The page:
Giant Cutter is half shmup, half not-quite-platformer, and completely bizarre. Taking place across four stages, the ship flies through space, cuts through enemies inside planets, and encounters increasingly-enormous bosses. There are no weapon upgrades and the normal attack has an unusually limited horizontal range, but the ship lives up to the game’s name as a portion of a constantly-refilling bar can be consumed to make a giant blade sprout forth from the top of the ship as it lunges forward across the screen to cut down anything in its path.
Each stage in Giant Cutter is divided into three distinct parts. The first part takes place in space and plays like a standard horizontal shmup where the ship gradually scrolls across the stage until it reaches a gateway embedded in a planet, which serves as the ‘goal’ and completes the section upon touching it. The second segment is where things get weird as you are given free control of the ship and must navigate through the labyrinthine insides of the planet to find and destroy several face-like structures within a time limit; the closest thing I can think of to compare these sections to is the Genesis game Sub-Terrania, though this comparison is still only a loose one at best. The final part of each stage is a boss fight and the actual structure of this part can vary a bit, but it generally starts with a short section with fixed scrolling and then returns to free movement for the boss fight itself. Five extra stages can also be unlocked after beating the game, though these only have interior areas without any boss fights or space travel.
The key to what makes the gameplay in Giant Cutter work as well as it does is the balance between the strengths and weaknesses of the ship’s capabilities. The rapid-fire normal attack only travels about halfway across the screen and doesn’t deal anywhere near as much damage as the blade, but it is very versatile. In addition to traveling in a straight line, your normal attack also hits a very small area above and below the front of the ship and also causes the ship to periodically drop bombs below it, which is essential for fighting many enemies in narrow, vertical sections of the interior areas. On the other side of things, the top-mounted blade is significantly stronger than your bullets and bombs, but it comes with a few downsides. In addition to costing part of an energy bar to use, the blade causes the ship to launch forward in whichever direction its facing; you can slow it down by holding the opposite direction and somewhat adjust the ship vertically during this lunge, but the ship itself remains vulnerable so timing and accuracy are absolutely necessary when using this attack. Many of the enemies are positioned near the top of the screen or near the ceiling where the basic attack has trouble hitting them, so learning to use this ‘giant cutter’ effectively quickly becomes mandatory, though wiping out groups of enemies with a single charge or rapidly destroying a stronger enemies with two charges in quick succession is really satisfying.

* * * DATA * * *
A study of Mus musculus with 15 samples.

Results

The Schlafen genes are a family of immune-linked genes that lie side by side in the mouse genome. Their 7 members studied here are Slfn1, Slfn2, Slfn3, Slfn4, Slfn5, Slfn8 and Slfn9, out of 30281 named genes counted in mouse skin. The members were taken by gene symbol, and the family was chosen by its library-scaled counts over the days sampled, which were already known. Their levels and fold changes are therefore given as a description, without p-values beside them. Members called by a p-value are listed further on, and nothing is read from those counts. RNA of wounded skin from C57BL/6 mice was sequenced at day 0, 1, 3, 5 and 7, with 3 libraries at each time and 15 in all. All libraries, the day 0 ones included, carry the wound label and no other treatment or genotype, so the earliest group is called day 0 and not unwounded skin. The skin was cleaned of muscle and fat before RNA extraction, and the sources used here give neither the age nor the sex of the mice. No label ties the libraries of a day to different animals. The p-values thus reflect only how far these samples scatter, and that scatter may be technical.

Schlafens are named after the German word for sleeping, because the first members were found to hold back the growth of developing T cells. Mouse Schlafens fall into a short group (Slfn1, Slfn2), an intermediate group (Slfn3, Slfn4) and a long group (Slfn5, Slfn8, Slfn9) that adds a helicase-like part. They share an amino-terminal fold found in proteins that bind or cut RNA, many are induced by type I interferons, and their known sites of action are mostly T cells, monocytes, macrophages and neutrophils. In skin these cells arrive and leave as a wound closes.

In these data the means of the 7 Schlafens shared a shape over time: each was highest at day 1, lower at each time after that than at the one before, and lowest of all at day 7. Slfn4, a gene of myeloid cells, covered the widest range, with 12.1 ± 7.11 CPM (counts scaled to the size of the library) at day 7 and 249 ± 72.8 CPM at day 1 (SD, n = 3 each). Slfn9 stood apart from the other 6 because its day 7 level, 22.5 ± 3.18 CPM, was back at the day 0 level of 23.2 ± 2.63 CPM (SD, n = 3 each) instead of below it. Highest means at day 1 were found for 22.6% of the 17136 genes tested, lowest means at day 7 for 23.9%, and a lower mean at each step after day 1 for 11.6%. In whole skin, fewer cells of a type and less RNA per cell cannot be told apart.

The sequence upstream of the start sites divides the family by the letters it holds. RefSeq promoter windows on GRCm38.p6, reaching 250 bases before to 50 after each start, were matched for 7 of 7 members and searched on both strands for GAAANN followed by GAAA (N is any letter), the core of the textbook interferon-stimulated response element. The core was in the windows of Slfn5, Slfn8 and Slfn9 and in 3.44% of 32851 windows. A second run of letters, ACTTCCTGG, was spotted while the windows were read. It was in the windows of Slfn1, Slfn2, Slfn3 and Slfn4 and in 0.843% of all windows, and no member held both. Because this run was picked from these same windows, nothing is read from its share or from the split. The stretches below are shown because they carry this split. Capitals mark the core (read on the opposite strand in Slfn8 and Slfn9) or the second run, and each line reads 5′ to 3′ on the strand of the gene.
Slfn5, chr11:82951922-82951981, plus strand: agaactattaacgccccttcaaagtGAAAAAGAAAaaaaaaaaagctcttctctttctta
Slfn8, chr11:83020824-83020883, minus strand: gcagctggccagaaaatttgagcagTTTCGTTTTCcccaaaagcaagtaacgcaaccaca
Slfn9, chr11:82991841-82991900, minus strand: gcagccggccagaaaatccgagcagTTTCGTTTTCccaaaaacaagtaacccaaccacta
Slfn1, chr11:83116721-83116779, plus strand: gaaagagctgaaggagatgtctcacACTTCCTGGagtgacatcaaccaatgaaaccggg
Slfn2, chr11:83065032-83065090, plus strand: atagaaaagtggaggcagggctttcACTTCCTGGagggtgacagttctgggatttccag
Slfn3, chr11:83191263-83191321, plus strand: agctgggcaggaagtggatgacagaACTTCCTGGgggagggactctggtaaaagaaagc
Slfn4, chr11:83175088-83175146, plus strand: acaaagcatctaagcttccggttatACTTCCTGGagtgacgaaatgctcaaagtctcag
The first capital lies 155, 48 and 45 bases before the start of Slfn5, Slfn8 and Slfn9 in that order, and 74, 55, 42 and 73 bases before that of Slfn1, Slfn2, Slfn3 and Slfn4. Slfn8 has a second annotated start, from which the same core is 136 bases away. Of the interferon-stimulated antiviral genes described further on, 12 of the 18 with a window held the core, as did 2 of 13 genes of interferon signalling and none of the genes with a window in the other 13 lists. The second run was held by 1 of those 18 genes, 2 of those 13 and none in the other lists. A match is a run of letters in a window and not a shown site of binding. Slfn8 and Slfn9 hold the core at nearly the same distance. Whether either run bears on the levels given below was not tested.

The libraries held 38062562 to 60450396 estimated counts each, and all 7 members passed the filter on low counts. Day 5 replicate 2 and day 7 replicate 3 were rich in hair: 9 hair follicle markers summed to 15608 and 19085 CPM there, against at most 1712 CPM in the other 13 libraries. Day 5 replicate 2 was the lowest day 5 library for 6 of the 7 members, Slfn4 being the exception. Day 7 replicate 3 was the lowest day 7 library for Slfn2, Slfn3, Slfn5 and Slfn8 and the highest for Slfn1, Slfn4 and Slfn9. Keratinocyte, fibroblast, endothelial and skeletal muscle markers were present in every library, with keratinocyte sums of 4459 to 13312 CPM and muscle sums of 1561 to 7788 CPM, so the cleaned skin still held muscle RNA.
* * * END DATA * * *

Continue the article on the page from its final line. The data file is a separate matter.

The risk associated with the blade charge is somewhat reduced by this game’s ship being more durable than usual. You don’t get much in the way of invincibility frames even after taking damage, so a poorly aimed charge can still cost a life, but your ship can take three hits before getting destroyed and you can hold on to a single item to use at will to either fully restore your health or fill up the cutter gauge in addition to a few scattered pickups which immediately fill a smaller portion of the gauge or give back one unit of health. Even with limited lives and no continues, the generous number of recovery items and the short length of the game itself, to say nothing of the overall low difficulty, make it easy to finish without getting a Game Over on your first time through.
It would be impossible for me to end an article on Giant Cutter without taking some time to talk about its aesthetics. Everything in this game has a sort of pseudo-3D, almost claymation quality to it, like something that fell out of near the end of the 16-bit era. Some of the enemies resemble the typical types of mechanical nemeses one would expect of a space-based shmup, but most of them are purely-organic monstrosities. In fact, the ‘planets’ themselves seem to be planet-sized creatures with fleshy walls and chunks of organic matter to cut through and enemies which more closely resemble cells and parasites than aliens in the interior sections. The concept of needing to fight your way through a planet which is literally alive has appealed to me ever since the NES shmup Abadox and, while Giant Cutter may not approach that particular cult classic in terms of sheer variety, it still pulls off the look remarkably well. The soundtrack also pulls its weight as there is a surreal quality to the music which matches the bizarre visuals, but most of the songs also are catchy or have a great sense of energy to them to match the fast slice-em-up gameplay.
With a short length and a difficulty which remains on the low side of the spectrum even if you include the more challenging extra stages, Giant Cutter is certainly sparse when it comes to content. Yet, what content it does have consists of wonderfully strange visuals and gameplay which is both creative and well-executed. Those looking to take on an adrenaline-fueled challenge may not particularly care for this game, but it will otherwise make for a great addition to many collections.